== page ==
Correction....In my column last week, I said that Pete Olson had never supported the I-69 corridor and never would. I was in error.
It is the Trans Texas Corridor that he said he had never supported and never would.
I, like many others, mixed up the two roadways. The day my column came out I saw an article in the Houston Chronicle about how they were two different things. “Uh Oh,” I thought. Then I also got an e-mail from former Sugar Land City Councilwoman Cyril Hosley who informed me, oh so
sweetly (and I really mean that), of my error.
It seems that I-69 was an initiative to upgrade and widen Hwy. 59 to interstate standards and is part of a very long interstate running through many states. It is widely praised as a project.
The Trans Texas Corridor was invented by Gov. Rick Perry and is seen by many as a massive land grab.
Pete Olson did help with I-69 but has had nothing to do with the TTC, although Shelly Sekula Gibbs has tried to distort his position. Evidently, she has mixed up the two roadways also. I can’t criticize her for something I did, but then, I’m not running for Congress.
First he said he would, then he wouldn’t.....When G.P. Hardy, a personal injury attorney who lives in Sugar Land, was picked up for a DWI which caused bodily injury, the assistant district attorney handling the case recommended he receive at least 30 days jail time. The
victim testified that as a result of the accident, cancer was found in her body and she believed it was divine intervention. She didn’t want Hardy to be punished. She admitted on the stand that she had been in contact with Hardy’s fiancee and had been helped to find an attorney to represent
her in a suit against the insurance company.
Hardy and his attorneys agreed to the jail time.
Then 10 days later, they returned to court and asked that the jail time be removed as “it would not be productive for Mr. Hardy to serve time in jail.”
Head assistant District Attorney Fred Felcman threw such a fit about the motion to modify that Judge Cliff Vacek threatened him with jail.
The judge agreed to modify the jail time but ordered Hardy to wear an ankle monitoring device that constantly tests for alcohol. Hardy was ordered to wear it for two years.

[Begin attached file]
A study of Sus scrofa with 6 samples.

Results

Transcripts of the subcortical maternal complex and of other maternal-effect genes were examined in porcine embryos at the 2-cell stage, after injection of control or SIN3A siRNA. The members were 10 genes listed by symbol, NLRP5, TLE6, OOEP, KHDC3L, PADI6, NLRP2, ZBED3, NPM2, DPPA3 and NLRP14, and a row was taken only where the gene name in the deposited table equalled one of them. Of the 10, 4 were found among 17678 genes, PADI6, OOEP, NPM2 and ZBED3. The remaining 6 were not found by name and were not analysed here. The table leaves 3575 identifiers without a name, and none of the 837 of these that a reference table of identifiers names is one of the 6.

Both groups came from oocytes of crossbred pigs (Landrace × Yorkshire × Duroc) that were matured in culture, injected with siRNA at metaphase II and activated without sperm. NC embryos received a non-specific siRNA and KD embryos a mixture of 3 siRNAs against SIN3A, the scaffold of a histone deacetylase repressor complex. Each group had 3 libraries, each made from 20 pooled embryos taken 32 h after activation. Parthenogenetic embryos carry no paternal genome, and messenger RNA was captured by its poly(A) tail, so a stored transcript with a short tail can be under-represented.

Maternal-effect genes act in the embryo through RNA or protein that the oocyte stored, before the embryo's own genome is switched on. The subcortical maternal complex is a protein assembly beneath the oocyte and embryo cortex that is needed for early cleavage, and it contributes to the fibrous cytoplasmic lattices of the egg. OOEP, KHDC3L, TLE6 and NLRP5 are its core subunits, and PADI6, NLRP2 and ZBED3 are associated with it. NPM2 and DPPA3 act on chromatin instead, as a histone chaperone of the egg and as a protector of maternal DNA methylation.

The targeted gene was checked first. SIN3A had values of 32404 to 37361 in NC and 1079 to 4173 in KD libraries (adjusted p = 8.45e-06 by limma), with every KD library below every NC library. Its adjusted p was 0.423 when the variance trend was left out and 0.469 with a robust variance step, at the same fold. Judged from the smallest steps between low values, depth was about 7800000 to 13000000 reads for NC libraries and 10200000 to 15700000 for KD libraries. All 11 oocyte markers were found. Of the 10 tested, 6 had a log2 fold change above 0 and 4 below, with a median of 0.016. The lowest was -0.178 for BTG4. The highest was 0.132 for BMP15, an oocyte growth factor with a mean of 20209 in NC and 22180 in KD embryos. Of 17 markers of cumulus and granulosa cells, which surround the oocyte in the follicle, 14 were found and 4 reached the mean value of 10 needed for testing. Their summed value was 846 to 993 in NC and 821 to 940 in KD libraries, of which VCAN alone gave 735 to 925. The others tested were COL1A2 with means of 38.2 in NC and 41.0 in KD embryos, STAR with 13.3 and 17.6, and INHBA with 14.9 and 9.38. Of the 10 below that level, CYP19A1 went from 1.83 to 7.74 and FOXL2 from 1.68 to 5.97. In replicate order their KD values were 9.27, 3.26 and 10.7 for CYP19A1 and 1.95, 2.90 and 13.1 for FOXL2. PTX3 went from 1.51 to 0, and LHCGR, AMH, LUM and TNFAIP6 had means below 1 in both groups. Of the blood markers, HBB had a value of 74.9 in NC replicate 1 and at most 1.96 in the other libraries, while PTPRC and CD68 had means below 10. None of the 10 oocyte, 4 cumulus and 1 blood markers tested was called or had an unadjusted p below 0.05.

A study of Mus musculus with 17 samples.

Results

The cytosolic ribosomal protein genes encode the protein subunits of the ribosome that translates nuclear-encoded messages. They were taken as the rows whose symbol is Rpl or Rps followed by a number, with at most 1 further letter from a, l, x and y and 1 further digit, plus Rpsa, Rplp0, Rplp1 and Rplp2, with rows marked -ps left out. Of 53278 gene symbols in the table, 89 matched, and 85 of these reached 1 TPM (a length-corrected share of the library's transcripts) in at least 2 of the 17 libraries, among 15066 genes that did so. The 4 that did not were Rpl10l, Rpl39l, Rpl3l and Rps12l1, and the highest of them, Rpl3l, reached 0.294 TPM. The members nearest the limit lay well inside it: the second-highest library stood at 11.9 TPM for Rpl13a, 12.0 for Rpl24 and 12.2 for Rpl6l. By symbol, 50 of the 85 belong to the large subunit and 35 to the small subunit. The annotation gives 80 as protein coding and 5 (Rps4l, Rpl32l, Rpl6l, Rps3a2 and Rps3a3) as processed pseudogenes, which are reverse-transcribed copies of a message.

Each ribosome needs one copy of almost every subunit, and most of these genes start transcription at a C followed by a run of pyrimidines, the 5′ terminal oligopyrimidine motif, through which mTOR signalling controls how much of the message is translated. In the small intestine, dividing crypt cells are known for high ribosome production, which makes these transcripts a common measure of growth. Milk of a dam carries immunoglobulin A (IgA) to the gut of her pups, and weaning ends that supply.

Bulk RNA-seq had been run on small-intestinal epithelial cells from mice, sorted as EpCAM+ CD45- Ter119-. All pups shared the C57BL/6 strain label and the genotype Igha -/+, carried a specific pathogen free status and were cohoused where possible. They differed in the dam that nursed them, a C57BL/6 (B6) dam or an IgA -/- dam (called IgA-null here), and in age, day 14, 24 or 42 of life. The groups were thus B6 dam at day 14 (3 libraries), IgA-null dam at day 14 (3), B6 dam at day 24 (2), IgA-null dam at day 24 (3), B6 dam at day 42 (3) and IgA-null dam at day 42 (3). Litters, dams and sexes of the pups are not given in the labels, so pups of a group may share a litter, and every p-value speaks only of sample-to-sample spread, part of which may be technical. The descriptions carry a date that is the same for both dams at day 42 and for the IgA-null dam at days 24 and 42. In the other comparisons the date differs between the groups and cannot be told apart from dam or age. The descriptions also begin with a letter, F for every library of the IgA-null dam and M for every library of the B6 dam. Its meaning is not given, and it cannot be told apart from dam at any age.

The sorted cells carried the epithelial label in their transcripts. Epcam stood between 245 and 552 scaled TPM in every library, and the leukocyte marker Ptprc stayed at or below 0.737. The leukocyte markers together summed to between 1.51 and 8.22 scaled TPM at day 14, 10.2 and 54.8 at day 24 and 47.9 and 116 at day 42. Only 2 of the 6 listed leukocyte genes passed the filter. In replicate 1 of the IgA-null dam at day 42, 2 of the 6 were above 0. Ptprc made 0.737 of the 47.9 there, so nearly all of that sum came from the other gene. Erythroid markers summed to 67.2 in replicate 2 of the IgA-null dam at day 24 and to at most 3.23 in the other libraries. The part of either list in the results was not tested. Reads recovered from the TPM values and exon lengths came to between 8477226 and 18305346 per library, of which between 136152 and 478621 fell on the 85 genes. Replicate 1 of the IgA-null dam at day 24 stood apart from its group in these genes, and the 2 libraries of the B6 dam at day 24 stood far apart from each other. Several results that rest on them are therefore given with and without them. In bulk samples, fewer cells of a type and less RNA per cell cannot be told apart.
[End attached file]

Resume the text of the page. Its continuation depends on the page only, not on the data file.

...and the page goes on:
Twelve hours later, the attorneys returned to Judge Vacek’s court and asked that the original plea bargain be reinstated--the 30 days in jail served on the weekends. It seems that Hardy didn’t like the box either.
My question is whether you or I would receive the same treatment in the court?
FYI: Vacek has a Democratic opponent in November.
He said, he said...At a board of judges meeting a couple of months ago called to resolve some judicial issues floating around the Fort Bend County courthouses, County-court-at-law Judge Ben “Bud” Childers was so angry he looked apoplectic. Several assistant district
attorneys had complained that they weren’t getting a fair shake in Childers court as he was too lenient on defendants.
Childers and later Judge Walter McMeans complained that ADAs asked for too many resets, didn’t have the authority to make immediate minor plea deals, and were coming to court unprepared. The District Attorneys said defense attorneys should not be allowed to run the courts.
The CCL judges said they were not able to deal with the number of cases they are expected to deal with unless some resourceful ideas came about.
Nothing was resolved. Sounds like a certain judge I know--Jim Shoemake. The last time I visited his court he took a young lady out of class to interview her on Friday, promised a decision by Monday, and we have yet to hear his decision.
Shoemake also has a Democratic opponent in November.
I don’t know about you, but I had a good time......Dianne Wilson was feted for her birthday and 25 years in office as Fort Bend County Clerk a couple of weeks ago.
It was such fun. Sheriff Milton Wright roasted everyone. Sugar Land Mayor Dave Wallace made fun of Dianne and her release of records so he used her own (he claimed) records against her.
Lynne Humphries told about Dianne’s last trip to Australia to see her granddaughter. Lynne happened to be there at the same time and met up with her.
I had my hair done and dressed like Hillary Clinton and tried to impersonate her in my roast of Dianne. I wasn’t really so wonderful as Hillary, but I had to nerve to do it so I got my share of laughs.
Of course, Dianne got us all at the end. Photos and more lines will be in my “People” column in the May edition of “Fort Bend Focus.”
Our dear friend......Ursula Coates was a Fort Bend businesswomen who was a mainstay of the Fort Bend Chamber and the Fort Bend business community. She supported everything we ever did. Her logical mind and counsel were always appreciated. We always thought she would be
around. After all, her mother lived to be 100.
Her passing this week is a sad time for all of us here.